How Invisible World began.
When I was 25 I hitchhiked and rode trains and buses on the land route from Montreal to Peru and back to Alaska. I spent $2000 in six months, was arrested twice and re-crossed the US border with $11 in my pocket and six Otavalo sweaters stuffed into an Army surplus duffle bag. I hoped that with these samples I could make enough money to go back to South America. That was the beginning of Invisible World.
At its best, business is a way to explore life and get deeper understanding. Like many young people, I was on fire to fill myself with knowledge of the big mysterious world, and these six rustic sweaters looked like the best way to get back to that continent and be part of it.
Gradually, we expanded to Uruguay, Bolivia, Argentina and Mexico. Invisible World wasn’t simply a way to make money; it was a way to see the world. In China for a wedding in 1991, I thought it would be worthwhile to go into the silk trade because silk is an interesting fiber and China was just beginning to shake off its 40 year bout of Communism. Cashmere came into our product line because it gave me an excuse to go to Inner Mongolia in the dead of winter, a trip that started as an obsession and became the basis for the novel, Invisible World.
A better merchant would say that those are stupid reasons on which to base a business decision. And I agree with them. There is no particular financial acumen behind Invisible World: just a sense of curiosity and the ability to find people with amazing textile skills and let them do their thing.
We started a store in our small town of Juneau, Alaska in 1985. At that time, no one had fax machines. Now we’re moving freight between 13 countries, and we still do this from the same unlikely location.
Why unlikely? Take a look at a map. Juneau is nearly a thousand miles due north of Seattle. On one side is the ocean, and on the other side is a massive icefield thirty-five miles wide and a kilometer thick. You can only arrive by boat or plane. At 31,000 inhabitants, we are the biggest city within 600 miles in any direction. It’s a marvelous place, especially if you are a bear or a salmon, but it doesn’t scream “global reach!”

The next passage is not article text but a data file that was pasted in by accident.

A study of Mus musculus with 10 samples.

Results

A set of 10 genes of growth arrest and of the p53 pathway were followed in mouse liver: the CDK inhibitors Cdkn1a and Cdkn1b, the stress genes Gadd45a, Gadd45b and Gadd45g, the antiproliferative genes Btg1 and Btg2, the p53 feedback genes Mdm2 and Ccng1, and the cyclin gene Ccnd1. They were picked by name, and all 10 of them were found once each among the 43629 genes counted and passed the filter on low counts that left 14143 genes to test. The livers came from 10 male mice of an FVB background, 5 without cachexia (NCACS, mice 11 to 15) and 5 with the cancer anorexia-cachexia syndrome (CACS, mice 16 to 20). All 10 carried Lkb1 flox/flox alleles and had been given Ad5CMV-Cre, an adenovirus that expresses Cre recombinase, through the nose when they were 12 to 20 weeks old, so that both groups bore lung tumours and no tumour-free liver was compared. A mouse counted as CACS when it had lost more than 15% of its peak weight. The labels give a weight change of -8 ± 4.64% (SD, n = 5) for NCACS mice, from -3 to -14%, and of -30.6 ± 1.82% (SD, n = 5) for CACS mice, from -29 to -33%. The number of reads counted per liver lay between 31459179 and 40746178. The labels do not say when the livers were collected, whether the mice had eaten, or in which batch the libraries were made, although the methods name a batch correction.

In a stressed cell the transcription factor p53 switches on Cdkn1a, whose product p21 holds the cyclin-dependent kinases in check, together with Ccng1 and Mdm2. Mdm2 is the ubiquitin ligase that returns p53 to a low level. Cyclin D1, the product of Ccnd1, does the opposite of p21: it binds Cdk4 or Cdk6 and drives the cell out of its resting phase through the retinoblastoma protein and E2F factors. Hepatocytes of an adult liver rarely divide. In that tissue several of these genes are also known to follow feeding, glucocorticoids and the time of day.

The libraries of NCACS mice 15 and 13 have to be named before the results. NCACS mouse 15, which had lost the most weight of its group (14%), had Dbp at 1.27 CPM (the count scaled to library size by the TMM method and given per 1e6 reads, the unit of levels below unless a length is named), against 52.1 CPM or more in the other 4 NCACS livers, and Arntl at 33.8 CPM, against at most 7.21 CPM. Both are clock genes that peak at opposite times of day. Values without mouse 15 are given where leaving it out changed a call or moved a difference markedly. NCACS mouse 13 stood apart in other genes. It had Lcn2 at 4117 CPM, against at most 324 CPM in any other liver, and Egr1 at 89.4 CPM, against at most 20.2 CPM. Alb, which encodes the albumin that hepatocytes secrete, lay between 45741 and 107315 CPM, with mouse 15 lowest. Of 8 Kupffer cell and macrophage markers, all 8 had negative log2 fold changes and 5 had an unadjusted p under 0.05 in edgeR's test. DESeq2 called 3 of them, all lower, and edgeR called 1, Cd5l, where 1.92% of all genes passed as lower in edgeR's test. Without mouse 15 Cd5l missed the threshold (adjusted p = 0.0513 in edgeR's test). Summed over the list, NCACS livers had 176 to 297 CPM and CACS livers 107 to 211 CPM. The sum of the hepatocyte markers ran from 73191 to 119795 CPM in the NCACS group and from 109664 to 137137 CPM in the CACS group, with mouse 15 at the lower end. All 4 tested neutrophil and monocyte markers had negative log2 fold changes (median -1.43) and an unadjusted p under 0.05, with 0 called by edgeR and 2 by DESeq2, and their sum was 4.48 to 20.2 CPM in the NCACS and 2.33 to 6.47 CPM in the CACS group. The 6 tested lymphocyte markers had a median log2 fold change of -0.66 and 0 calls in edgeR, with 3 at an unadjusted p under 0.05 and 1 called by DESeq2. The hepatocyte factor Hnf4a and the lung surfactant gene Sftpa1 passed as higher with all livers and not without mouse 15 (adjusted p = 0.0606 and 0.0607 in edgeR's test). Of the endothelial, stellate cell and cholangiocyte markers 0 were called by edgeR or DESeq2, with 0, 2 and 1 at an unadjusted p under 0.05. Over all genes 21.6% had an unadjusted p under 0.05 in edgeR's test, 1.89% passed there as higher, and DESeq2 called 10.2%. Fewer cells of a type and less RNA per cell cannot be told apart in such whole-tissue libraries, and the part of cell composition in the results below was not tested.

So, how did this happen? One reason is obvious: new technologies enable us to collaborate better and to reach global markets.
We’ve been working with these people anywhere from 3 to 33 years, with the average being 15 years. When problems arise, as they always do, it’s the basic human regard for each other that carries you through to the next level. And it’s been like that for millennia.
Because despite the new technology, our business is very ancient. Textiles were some of the very first trade goods, and we feel like we’re part of a line that goes back five thousand years or more. Textile is culture, whether it’s the unique pattern in a hand-woven manta of a single village in Bolivia or the latest hot European designer. We wear clothing to tell the world what we value and who we are, and to remind ourselves of those things. We infuse it with our lives: that alpaca beanie contains some wisps of the afternoon you walked on a frozen lake with your best friend, that cashmere sweater reminds you of the day you graduated from college.
You see, clothing is never just clothing. Each of our items represents an infinity of people and places you haven’t visited but can imagine. And when you’ve worn it through some life, piled it thick with private memories and moments, it represents much more. It becomes a country on a map of a secret universe that we can only perceive with our imagination.
That’s why we call our business Invisible World.
My personal favorite of the four. A faded rock star loses his fortune and goes on an absurd revenge quest against an infamous financier. That is the alleged plot, but beneath the glamour and flash of Hollywood and Shanghai, there’s a much different story unfolding. Intuitive, uplifting, and takes you places you’ve never been but that are nonetheless familiar.